April 28, 2014
The U.S. could use a win abroad—something it arguably hasn't had since Osama bin Laden's demise in 2011. Hopes for a peace accord between the Israelis and Palestinians have been dashed, the civil war continues to rage in Syria, chaos engulfs Libya, Russia has invaded Ukraine and China's aggressive behavior in the South China Sea has leaders in Japan and the Philippines drawing analogies to the 1930s.
Afghanistan long ago became known as the “graveyard of empires.” But while it is undoubtedly a tough place to fight and a tough place to control, its reputation is vastly overblown. In fact the last two empires to try to dominate Afghanistan—the British and Soviet—largely succeeded in achieving their objectives even after pulling their troops out as long as they were willing to keep extending aid to Kabul.
The former Defense Secretary: Indignant, effective, and often wrong.
February 25, 2014
Duty: Memoirs of a Secretary at War By Robert M. Gates (Alfred A. Knopf)
During his many decades of government service, beginning all the way back in 1969 when he joined the CIA as a junior analyst covering the Soviet Union, Robert M. Gates developed a reputation as the quintessential bureaucrat—a gray, quiet, competent civil servant whose idea of a wild time was smoking a cigar while reading a policy memorandum. His favorite adage came courtesy of Will Rogers: never miss a good chance to shut up. Even his initial memoir, From the Shadows: The Ultimate Insider’s Account of Five Presidents and How They Won the Cold War, which appeared in 1996, three years after he stepped down as CIA director, was a buttoned-down work of history that caused few ripples.
The president’s strategy towards the country has failed but options remain, writes Max Boot
February 10, 2014
A minor kerfuffle has broken out over whether, in a closed-door meeting with an American congressional delegation attending the Munich Security Conference during the first weekend of February, US secretary of state John Kerry acknowledged that the administration’s Syria policy was failing. Senators John McCain and Lindsey Graham claim that he did; Mr Kerry’s spokeswoman, who was also present, denies it. Whatever the case, the underlying reality is undeniable – President Barack Obama’s Syria policy has failed.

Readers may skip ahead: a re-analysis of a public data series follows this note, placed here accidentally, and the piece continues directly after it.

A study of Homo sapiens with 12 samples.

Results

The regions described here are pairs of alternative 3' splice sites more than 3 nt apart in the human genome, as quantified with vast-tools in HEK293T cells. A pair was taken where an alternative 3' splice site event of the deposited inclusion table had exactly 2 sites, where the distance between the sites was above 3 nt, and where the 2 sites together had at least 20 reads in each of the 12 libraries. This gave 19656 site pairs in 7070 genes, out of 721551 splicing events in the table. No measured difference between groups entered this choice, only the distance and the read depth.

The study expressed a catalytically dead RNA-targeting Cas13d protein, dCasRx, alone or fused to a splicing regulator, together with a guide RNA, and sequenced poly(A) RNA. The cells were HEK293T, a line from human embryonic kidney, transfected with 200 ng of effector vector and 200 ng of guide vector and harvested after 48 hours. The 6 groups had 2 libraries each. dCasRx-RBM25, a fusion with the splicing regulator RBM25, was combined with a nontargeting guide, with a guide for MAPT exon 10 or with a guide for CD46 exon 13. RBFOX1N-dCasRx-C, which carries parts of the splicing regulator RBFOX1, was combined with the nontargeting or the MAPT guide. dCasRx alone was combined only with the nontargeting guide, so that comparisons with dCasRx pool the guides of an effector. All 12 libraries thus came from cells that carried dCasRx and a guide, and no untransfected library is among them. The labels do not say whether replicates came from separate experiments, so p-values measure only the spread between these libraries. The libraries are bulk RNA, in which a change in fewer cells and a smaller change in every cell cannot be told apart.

By Michael Doran and Max Boot
January 16, 2014
WASHINGTON — A great deal of diplomatic attention over the next few months will be focused on whether the temporary nuclear deal with Iran can be transformed into a full-blown accord. President Obama has staked the success of his foreign policy on this bold gamble. But discussion about the nuclear deal has diverted attention from an even riskier bet that Obama has placed: the idea that Iran can become a cooperative partner in regional security.
January 20, 2014; Vol. 19, No. 18
Arthur Schlesinger posited the existence of cycles in American political history alternating between “public purpose” and “private interest”—his jaundiced labels for liberalism and conservatism. There are also cycles in American foreign policy alternating between interventionism and noninterventionism, the latter sometimes verging on downright isolationism. Normally when one trend backfires in some spectacular fashion, the other trend becomes dominant, until it too burns out and the cycle starts again.